New York Penal Law 230.04: Patronizing a Prostitute and Your NY Criminal Defense

The world’s oldest profession is still illegal in New York. What many people do not realize, however, is that prostitutes, pimps (or madams), and johns can all be arrested and convicted under New York state law without any sexual conduct taking place or any money exchanging hands. The state laws concerning prostitution in New York are contained in Penal Law Chapter 230.

A person is guilty of this Class B misdemeanor when he or she “engages or agrees or offers to engage in sexual conduct with another person in return for a fee.” Thus, it is important to recognize that it makes no difference whether the accused actually received money or engaged in any criminal sexual act, the mere offer of sexual services for money is just as serious under this section. Also, notably, the definition of “sexual conduct” as defined in Penal Law Section 130.00[3] and 130.00[10]) includes sexual intercourse, oral sexual conduct, anal sexual conduct, aggravated sexual contact, and sexual contact. Put plainly, the laws of this chapter apply to virtually all and any sexual touching of any kind.

On the otherside, a john that pays or offers to pay for sexual services of any kind is also guilty of at least the Class B misdemeanor of Penal Law 230.03 (Patronizing a Prostitute in the Fourth Degree). This crime can be a more serious felony where the prostitutes are underage. At one time, it was a defense to these more serious charges that the john did not have a reasonable cause to believe that the prostitute was underage but today, it is no longer defense.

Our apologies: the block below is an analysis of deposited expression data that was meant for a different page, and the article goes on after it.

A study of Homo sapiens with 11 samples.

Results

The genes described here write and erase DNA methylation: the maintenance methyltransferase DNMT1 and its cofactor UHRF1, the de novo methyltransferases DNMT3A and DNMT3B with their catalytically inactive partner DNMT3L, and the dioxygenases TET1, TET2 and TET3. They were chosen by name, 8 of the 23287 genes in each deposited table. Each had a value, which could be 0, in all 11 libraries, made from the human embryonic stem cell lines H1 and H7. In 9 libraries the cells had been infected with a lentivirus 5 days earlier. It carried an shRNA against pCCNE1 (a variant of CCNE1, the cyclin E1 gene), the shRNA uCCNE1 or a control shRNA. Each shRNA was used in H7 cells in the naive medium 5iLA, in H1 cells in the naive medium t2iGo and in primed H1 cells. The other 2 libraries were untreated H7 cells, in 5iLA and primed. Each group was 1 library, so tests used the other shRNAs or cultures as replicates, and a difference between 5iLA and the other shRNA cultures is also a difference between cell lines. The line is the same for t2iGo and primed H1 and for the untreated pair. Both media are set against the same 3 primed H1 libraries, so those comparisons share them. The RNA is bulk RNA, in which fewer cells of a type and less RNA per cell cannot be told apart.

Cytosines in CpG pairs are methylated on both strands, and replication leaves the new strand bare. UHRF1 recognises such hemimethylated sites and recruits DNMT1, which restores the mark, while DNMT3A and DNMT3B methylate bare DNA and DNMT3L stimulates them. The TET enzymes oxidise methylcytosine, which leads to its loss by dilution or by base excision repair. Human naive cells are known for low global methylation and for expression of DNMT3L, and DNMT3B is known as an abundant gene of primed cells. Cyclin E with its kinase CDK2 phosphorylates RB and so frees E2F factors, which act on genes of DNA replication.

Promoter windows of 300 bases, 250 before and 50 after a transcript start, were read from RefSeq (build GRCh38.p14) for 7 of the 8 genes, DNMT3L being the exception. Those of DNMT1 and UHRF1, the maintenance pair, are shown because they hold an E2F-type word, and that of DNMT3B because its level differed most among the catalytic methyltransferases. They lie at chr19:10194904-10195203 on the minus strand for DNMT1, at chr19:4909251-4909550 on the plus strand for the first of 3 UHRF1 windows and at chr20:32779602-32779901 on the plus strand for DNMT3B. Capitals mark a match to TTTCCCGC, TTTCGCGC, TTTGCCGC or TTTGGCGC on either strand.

Finally, promoting prostitution, or “pimping,” as it is sometimes referred to, is illegal under Penal Law Section 230.20. That Class A misdemeanor, Promoting Prostitution in the Fourth Degree, makes it illegal to knowingly advance or profit from prostitution. Under Penal Law Section 230.15, a person “advances prostitution” when, acting other than as a prostitute or as a patron thereof, he or she knowingly causes or aids a person to commit or engage in prostitution, procures or solicits patrons for prostitution, provides persons or premises for prostitution purposes, operates or assists in the operation of a house of prostitution or a prostitution enterprise, or engages in any other conduct designed to institute, aid or facilitate an act or enterprise of prostitution. A person “profits from prostitution” when, acting other than as a prostitute receiving compensation for personally rendered prostitution services, he or she accepts or receives money or other property pursuant to an agreement or understanding with any person whereby he participates or is to participate in the proceeds of prostitution activity.

Being convicted of prostitution or patronizing can have serious consequences, including time in prison or jail, a fine, and a criminal record. If you are charged with a crime, you should contact a New York Criminal Defense Attorney at Stephen Bilkis and Associates. Visit their offices located around New York for free legal assistance.